Taganga

SUNDAY – 23 OCTOBER

Woke up from my last night out in Cartagena oh so thankful that I had organized my things the night before. Had about 15 minutes to get dressed, book my hostel for the first night, and get some recommendations from a fellow traveler who had just come from Taganga before I was running out the door to catch the Marsol bus.

The 3 hour bus ride was not too eventful with the exception of sharing some mango I bought at a highway stop with the little old ladies sitting behind me on the bus. Their faces lit up when I offered some and was a favor which awarded me two things. First, at the next stop they offered me a some of their chilled coconuts which you first drink with a straw and then scoop out the meat inside. And second, they helped me to communicate to the driver to give me change for my fare on the bus which he had conveniently forgot to give me. Always share mango with the little old ladies on the bus, they will take care of you for the rest of the ride.

The Marsol bus takes you to the center of Santa Marta which was about another 20 minutes from Taganga. Since I was the last person on the bus, I paid the driver an extra $5.000 to take me directly to my hostel. There are cheaper options but I didn’t want to deal with lugging my larger bag around an unfamiliar place. He dropped me off at the Villa Mary hostel at around noon and little did I know that this would be the best hostel I have visited in my life thus far.

When I arrived, it was fairly empty, with only 2 other guest staying there. Milena, who lives and works at the hostel, is originally from Medellin but has been living here in Taganga for the past 3 months. After getting my bags settled, I asked Milena about where I could find a decent rate at a scuba school. You can always do your research online, but the best way to find the best deals is to ask ask ask. I emailed 3 schools before leaving Cartagena and they all quoted me prices to get my open water certification. When my friend at the hostel in Cartagena gave me recommendations for Taganga, I found out that Reef Sheperd charged much less. And when I asked Milena, she said that Reef Shepard also gives a discount for guests of Villa Mary. $73.63 USD off of my original quote just for asking around.

MONDAY – 24 OCTOBER

For a better idea of the sights and the sounds of Taganga, maybe you should listen to this song by Systema Solar, filmed in Taganga.

My first day of dive certification. In retrospect, this was a bigger day than I thought since I’m currently in love with the sport. My instructor was a Colombian named Santiago who found love for the practice in Thailand. We did our pool practice on the first day where I learned the basics of the equipment set up and use.


After they left, I buried my money under my sandals and took a big swim out to the middle of the bay. While there is a bit of grit on the town, from a distance Taganga is gorgeous. And since it is facing perfectly west, every night I get to watch the sun get swallowed up by the sea before showering off all the sweat of the day.


I woke up at 7 to have some breakfast in the hostel and then walked down to Reef Sheperd to get my gear together and then headed out by boat to some dive locations in Tayrona. I dove twice in the morning on both Tuesday and Wednesday. All four dives were about 45 minutes and we spent time going down to 18 meters. I was practically giddy after my first dive because I loved it so much.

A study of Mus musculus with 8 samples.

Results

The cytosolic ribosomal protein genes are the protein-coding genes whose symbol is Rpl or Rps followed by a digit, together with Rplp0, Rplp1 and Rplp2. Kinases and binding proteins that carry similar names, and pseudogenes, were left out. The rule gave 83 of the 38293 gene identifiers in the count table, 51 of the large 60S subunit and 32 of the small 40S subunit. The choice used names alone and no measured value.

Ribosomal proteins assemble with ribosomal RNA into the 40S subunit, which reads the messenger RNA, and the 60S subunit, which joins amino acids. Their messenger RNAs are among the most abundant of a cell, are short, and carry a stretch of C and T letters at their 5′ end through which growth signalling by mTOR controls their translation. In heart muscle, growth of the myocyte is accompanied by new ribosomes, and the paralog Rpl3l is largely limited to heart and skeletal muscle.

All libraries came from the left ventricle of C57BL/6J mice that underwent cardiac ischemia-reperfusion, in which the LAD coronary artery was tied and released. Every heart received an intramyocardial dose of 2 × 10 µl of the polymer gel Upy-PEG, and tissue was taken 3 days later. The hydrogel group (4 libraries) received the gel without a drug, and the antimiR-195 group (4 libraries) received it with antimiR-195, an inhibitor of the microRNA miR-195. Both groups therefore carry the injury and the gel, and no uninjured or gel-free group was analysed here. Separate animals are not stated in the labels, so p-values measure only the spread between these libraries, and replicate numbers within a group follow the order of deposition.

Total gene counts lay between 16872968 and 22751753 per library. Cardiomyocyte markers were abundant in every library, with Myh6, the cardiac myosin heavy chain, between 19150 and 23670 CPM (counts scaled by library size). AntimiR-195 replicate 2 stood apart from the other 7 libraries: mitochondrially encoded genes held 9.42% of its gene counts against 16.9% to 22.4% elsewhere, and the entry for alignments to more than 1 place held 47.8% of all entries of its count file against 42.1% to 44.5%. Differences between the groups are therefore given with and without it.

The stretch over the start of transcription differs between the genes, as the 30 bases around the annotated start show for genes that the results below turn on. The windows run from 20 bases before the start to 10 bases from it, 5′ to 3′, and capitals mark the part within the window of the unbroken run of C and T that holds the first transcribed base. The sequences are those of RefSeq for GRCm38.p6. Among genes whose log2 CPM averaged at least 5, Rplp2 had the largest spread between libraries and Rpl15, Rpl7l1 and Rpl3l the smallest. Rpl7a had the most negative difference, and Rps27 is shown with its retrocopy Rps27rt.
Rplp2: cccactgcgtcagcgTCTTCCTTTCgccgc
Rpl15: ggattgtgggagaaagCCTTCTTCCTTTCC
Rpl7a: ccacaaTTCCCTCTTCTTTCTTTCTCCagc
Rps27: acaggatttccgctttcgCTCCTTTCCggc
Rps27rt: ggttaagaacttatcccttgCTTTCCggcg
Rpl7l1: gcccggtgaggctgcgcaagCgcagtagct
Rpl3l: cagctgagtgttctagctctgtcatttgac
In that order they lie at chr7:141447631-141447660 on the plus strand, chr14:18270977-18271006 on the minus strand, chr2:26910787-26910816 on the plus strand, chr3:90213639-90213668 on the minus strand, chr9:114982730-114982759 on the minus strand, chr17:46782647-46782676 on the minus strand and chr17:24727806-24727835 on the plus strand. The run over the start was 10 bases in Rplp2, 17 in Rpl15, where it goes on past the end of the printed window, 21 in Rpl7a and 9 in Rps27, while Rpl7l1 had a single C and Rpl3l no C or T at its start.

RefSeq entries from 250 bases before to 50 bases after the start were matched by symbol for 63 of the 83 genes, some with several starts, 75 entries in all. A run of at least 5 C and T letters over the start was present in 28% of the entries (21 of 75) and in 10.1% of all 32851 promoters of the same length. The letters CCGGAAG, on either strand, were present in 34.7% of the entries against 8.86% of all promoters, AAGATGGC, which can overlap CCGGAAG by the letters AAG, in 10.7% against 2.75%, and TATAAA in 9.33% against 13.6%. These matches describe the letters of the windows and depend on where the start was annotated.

First, it’s incredibly tranquil beneath the surface. After achieving bounancy, you can glide effortlessly in all 3 dimensions. Second, it was an amazing escape from my current language barriers. I spend most of my days either listening to locals chat in silence or trying to communicate in my broken Spanish. But once we submerge, every speaks the same language. Hand signals for “I’m OK”, “I’ve got 170 bar left in my tank”, or “Look at that lionfish over there”.

Speaking of lionfish, we saw a ton on our third dive. Fabio, one of the dive masters there was also spearfishing that day. Probably my favorite moment in all those dives was getting to see him spear a little one. Back up on the boat, I starting asking a lot questions about what they tasted like, where could I get some, how are they prepared. Fabio just laughed and told me to meet him back at the dive school an hour after we got back. When he returned on his motorcycle, he had prepared a little bowl of salad with 6 perfect pieces of breaded, fried lionfish with lemon and pepper. I don’t think I can go back to eating other fish now.

Pez Leon de Taganga

  • 1 small lion fish
  • lettuce, tomato, onion
  • oil
  • lemon
  • salt, pepper
  • bread crumbs
  1. Spear lionfish at approximately 16 meters (or watched a more experienced diver do this)
  2. Remove poisonous spines underwater with knife and stash in your collection sack to bring up to the boat on the end of the dive (or again, let the pro handle this part)
  3. At home, cut into bite size pieces, dress with seasonings and lightly fry. Place on top of a small salad of lettuce, tomato, and onion (really you should just let Fabio do all of this)

We finished our dives at noon and I spent the afternoons either at the beach or exploring some more of the foods: empenadas, arroz de coco, and ceviche. One evening, I picked up some fish from the fishermen to make dinner back in the hostel. Another night, I went down to the dive school for a party they were throwing for a guy from Barcelona who just completed his dive master certification after one month. I was there for a while and it involved many bottles of rum, one of which was consumed through a snorkel by our Barcelonan friend.

3 thoughts on “Taganga”

    1. One more post to finish this morning / afternoon and then I was going to that. You’re welcome to share right after. Thanks so much for the encouragement buddy… it means a lot coming from one of my writing inspirations.